Kidney problems affect many people who have lupus. These problems usually don't cause any symptoms, but some people may notice swelling in their legs or ankles (due to fluid retention) that they have not had in the past. The first sign of kidney problems is often abnormal urinalysis findings, such as protein, blood, or white blood cells in the urine or granular or red cell casts (clumps of red blood cells or kidney cells).
In a few cases, kidney problems are so severe that the kidneys stop working properly or fail completely. Depending on how severe kidney damage is, treatment can include strong medicines to control the lupus, kidney dialysis, or a kidney transplant.
- Inflammation of the sac around the heart (pericarditis). This is the most common lupus-related heart problem.
- Hardening of the arteries that supply blood to the heart muscle. People with lupus are at increased risk for plaque deposits in arteries (atherosclerosis) that may cause coronary artery disease. They are also likely to develop plaque deposits at an earlier age than people who do not have lupus.
- Diseases of the heart valves. A few people with lupus may have slightly thickened heart valves, which makes them more susceptible to infections of the damaged valves (endocarditis), blood clots, or heart failure. Some people with damaged heart valves may need surgery to replace the valves.
- Inflammation of the heart muscle (myocarditis), which is uncommon but may lead to problems with the heartbeat or heart muscle. The heart may beat too fast, too slow, or irregularly.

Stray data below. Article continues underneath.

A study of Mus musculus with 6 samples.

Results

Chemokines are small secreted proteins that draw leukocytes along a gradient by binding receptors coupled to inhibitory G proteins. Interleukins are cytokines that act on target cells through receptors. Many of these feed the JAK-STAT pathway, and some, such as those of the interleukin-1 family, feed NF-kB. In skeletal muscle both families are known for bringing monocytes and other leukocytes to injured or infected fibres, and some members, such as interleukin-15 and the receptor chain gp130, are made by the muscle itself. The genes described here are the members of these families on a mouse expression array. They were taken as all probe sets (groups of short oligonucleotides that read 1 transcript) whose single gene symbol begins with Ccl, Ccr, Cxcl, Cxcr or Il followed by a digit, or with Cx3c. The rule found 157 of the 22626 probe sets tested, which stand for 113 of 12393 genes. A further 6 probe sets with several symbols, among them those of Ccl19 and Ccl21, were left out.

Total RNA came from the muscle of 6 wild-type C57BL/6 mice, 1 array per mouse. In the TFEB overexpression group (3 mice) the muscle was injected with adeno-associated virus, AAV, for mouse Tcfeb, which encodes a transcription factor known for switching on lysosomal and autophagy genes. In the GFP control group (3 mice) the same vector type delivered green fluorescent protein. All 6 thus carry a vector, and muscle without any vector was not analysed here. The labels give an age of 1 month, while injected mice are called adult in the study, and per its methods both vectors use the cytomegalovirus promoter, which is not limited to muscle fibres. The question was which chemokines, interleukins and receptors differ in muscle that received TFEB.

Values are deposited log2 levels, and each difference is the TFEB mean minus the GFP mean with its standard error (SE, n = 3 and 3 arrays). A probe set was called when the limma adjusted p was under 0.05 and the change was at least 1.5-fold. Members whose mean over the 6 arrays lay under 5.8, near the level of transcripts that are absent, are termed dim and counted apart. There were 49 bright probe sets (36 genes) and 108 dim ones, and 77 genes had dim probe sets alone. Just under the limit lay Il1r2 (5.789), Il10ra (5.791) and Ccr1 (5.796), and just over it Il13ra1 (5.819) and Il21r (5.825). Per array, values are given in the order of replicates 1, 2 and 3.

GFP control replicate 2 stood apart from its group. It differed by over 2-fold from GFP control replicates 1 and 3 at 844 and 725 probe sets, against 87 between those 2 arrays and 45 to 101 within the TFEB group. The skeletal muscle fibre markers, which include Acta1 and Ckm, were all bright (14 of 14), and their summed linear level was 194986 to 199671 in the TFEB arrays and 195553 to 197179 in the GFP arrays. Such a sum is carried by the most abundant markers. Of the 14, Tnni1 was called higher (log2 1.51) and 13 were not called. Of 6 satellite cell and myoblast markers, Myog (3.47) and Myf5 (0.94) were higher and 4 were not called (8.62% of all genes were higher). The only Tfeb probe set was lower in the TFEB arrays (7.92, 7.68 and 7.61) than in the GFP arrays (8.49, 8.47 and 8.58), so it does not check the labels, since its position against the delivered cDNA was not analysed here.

About 1 out of 3 people who have lupus develop inflammation of the tissue around the lungs.1 Sometimes this causes no symptoms. At other times it causes painful breathing, coughing, or chest pain that is worse with a deep breath (pleurisy). Many people with lupus have chest pain when they breathe. When this pain is not caused by pleurisy, it is commonly caused by inflammation of the chest muscle, cartilage, or ligaments, or of the joints that connect the ribs to the breastbone (costochondral joints). In these cases, the lungs may not be affected.
Less common lung problems with lupus include fever, cough, and inflammation of the lung tissue (acute lupus pneumonitis). Some people with lupus produce an antibody that causes their blood to clot more easily (antiphospholipid antibody). These people may be at risk for clots in the lung (pulmonary emboli). An unusual complication is the buildup of fluid in the lungs (pulmonary edema), caused by heart or kidney problems.